Robert R. Wolfe

We propose that there is a link between muscle protein synthesis and breakdown that is regulated, in part, through maintenance of the free intracellular pool of essential amino acids. For example, we propose that muscle protein breakdown is paradoxically elevated in the anabolic state following resistance exercise in part because the even greater stimulation of synthesis would otherwise deplete this pool. Thus, factors regulating muscle protein breakdown must be evaluated in the context of the prevailing rate of muscle protein synthesis. Further, the direct effect of factors on breakdown may depend on the physiological state. For example, local hyperinsulinemia suppresses accelerated muscle protein breakdown after exercise, but not normal resting breakdown. Thus, factors regulating muscle protein breakdown in human subjects are complex and interactive.


Kevin D. Tipton and Robert R. Wolfe

Exercise has a profound effect on muscle growth, which can occur only if muscle protein synthesis exceeds muscle protein breakdown; there must be a positive muscle protein balance. Resistance exercise improves muscle protein balance, but, in the absence of food intake, the balance remains negative (i.e., catabolic). The response of muscle protein metabolism to a resistance exercise bout lasts for 24-48 hours; thus, the interaction between protein metabolism and any meals consumed in this period will determine the impact of the diet on muscle hypertrophy. Amino acid availability is an important regulator of muscle protein metabolism. The interaction of postexercise metabolic processes and increased amino acid availability maximizes the stimulation of muscle protein synthesis and results in even greater muscle anabolism than when dietary amino acids are not present. Hormones, especially insulin and testosterone, have important roles as regulators of muscle protein synthesis and muscle hypertrophy. Following exercise, insulin has only a permissive role on muscle protein synthesis, but it appears to inhibit the increase in muscle protein breakdown. Ingestion of only small amounts of amino acids, combined with carbohydrates, can transiently increase muscle protein anabolism, but it has yet to be determined if these transient responses translate into an appreciable increase in muscle mass over a prolonged training period.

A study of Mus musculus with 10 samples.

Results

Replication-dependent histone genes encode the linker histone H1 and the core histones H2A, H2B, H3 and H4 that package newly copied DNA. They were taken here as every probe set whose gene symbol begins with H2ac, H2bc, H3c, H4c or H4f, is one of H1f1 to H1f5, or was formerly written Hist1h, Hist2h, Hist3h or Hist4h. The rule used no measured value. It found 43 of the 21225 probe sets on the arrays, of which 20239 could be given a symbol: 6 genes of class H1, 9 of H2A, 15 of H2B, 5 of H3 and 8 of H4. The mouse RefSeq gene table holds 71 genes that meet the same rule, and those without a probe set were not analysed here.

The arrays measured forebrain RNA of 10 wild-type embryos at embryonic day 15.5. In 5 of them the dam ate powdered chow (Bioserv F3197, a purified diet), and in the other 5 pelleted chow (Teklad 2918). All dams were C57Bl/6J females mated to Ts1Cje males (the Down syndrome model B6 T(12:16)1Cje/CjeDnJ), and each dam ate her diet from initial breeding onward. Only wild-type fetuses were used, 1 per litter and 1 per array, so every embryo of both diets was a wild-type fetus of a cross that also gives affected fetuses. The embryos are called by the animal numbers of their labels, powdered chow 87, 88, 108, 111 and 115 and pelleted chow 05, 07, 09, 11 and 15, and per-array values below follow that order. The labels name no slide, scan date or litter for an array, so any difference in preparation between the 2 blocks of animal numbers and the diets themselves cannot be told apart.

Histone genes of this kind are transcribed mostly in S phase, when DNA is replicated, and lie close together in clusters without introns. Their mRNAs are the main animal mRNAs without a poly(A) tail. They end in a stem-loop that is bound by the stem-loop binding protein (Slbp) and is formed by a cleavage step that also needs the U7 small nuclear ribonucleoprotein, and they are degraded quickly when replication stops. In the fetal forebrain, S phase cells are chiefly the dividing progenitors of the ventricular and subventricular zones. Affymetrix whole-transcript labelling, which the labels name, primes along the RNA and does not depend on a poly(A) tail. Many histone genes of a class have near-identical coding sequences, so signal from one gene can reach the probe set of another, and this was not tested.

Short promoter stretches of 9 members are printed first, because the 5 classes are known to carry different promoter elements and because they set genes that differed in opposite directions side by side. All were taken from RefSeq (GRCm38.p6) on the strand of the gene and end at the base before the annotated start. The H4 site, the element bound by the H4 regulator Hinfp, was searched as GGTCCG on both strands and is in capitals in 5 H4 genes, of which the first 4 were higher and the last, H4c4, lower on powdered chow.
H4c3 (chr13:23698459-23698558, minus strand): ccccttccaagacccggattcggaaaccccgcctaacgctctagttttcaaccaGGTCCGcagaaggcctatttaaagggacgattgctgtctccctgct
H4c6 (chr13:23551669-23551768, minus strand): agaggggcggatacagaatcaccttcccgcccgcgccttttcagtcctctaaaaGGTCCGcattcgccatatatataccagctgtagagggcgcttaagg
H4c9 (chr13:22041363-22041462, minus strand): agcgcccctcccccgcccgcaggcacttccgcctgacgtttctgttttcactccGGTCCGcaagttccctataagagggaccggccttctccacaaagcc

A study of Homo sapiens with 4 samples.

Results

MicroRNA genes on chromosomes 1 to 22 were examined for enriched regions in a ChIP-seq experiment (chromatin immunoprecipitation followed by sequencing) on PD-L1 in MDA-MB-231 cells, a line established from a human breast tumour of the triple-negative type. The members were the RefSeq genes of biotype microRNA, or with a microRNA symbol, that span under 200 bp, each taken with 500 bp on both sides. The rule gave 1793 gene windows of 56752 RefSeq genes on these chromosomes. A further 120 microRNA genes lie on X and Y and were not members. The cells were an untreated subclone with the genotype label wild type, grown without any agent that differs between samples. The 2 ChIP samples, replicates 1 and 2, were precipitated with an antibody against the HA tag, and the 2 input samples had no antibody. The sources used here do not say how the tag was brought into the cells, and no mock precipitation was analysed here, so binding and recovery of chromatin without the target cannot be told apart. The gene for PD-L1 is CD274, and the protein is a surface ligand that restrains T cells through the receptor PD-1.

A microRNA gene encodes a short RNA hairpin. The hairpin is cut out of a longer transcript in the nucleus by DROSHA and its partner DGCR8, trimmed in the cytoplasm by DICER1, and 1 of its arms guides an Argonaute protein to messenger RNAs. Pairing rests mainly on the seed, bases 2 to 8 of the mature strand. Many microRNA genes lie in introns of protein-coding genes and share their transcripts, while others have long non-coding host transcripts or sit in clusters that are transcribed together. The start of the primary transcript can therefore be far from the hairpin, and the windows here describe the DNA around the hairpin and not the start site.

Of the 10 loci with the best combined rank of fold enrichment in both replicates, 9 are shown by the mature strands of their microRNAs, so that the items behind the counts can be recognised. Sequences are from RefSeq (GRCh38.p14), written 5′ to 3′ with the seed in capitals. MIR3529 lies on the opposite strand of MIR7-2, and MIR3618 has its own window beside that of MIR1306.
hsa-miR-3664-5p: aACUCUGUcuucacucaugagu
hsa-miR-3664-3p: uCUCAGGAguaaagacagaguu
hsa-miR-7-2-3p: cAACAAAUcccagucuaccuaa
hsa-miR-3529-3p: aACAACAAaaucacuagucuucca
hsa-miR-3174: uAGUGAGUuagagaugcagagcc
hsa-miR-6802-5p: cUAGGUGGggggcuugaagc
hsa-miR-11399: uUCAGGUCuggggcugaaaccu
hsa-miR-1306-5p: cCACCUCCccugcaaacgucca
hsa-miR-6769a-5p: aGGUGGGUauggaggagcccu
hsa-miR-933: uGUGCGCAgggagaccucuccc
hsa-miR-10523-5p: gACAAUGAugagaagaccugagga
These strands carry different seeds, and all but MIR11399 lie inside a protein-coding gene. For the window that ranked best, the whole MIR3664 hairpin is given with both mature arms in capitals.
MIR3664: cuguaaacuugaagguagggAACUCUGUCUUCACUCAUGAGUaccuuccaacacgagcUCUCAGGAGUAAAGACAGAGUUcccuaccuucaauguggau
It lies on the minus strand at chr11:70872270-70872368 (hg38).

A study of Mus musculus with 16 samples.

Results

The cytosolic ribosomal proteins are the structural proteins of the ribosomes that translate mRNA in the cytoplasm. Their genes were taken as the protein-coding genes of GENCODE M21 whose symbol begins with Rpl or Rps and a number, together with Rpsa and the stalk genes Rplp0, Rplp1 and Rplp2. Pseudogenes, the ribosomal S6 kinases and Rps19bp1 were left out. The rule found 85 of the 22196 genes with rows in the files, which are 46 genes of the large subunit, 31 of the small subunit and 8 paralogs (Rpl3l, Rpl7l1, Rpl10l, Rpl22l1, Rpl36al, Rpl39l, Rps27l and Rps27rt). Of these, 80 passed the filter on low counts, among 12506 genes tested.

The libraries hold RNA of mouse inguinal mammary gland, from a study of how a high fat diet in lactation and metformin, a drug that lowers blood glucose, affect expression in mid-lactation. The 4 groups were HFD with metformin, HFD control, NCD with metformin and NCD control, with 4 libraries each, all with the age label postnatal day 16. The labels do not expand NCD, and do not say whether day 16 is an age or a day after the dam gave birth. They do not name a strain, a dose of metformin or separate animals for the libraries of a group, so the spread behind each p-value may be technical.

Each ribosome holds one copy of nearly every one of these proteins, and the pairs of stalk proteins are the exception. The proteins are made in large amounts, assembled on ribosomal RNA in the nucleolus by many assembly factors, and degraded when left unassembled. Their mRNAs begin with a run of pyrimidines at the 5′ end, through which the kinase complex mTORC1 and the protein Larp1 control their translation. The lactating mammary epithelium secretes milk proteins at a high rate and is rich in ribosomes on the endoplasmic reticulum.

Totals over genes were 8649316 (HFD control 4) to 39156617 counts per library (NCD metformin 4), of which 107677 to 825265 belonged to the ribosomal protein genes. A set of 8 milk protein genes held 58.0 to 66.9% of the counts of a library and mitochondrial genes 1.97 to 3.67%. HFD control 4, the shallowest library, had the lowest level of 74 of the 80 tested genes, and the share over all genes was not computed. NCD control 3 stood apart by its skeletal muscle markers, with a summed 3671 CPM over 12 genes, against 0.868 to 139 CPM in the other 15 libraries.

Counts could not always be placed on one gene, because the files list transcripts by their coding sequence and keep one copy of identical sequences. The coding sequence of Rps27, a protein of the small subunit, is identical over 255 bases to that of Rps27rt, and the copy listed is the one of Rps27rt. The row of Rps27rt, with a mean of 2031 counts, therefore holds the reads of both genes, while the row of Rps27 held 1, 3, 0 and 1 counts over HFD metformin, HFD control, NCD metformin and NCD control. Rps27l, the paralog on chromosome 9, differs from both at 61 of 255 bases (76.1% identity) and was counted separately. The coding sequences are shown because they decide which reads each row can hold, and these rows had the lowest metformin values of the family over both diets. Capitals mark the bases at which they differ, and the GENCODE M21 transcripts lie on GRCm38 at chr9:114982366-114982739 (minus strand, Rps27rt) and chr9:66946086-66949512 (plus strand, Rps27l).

Elisabet Børsheim, Asle Aarsland, and Robert R. Wolfe

This study tests the hypotheses that (a) a mixture of whey protein, amino acids (AA), and carbohydrates (CHO) stimulates net muscle protein synthesis to a greater extent than isoenergetic CHO alone after resistance exercise; and (b) that the stimulatory effect of a protein, AA, and CHO mixture will last beyond the 1 st hour after intake. Eight subjects participated in 2 trials. In one (PAAC), they ingested 77.4 g CHO, 17.5 g whey protein, and 4.9 g AA 1 hr after resistance exercise. In the other (CON), 100 g CHO was ingested instead. They received a primed constant infusion of L-[2H5]-phenylalanine, and samples from femoral artery and vein, and biopsies from vastus lateralis were obtained. The area under the curve for net uptake of phenylalanine into muscle above pre-drink value was 128 ±42 mg • leg-1 (PAAC) versus 32 ± 10 mg - leg-1 (CON) for the 3 hr after the drink (p = .04). The net protein balance response to the mixture consisted of two components, one rapid immediate response, and a smaller delayed response about 90 min after drink, whereas in CON only a small delayed response was seen. We conclude that after resistance exercise, a mixture of whey protein, AA, and CHO stimulated muscle protein synthesis to a greater extent than isoenergetic CHO alone. Further, compared to previously reported findings, the addition of protein to an AA + CHO mixture seems to extend the anabolic effect.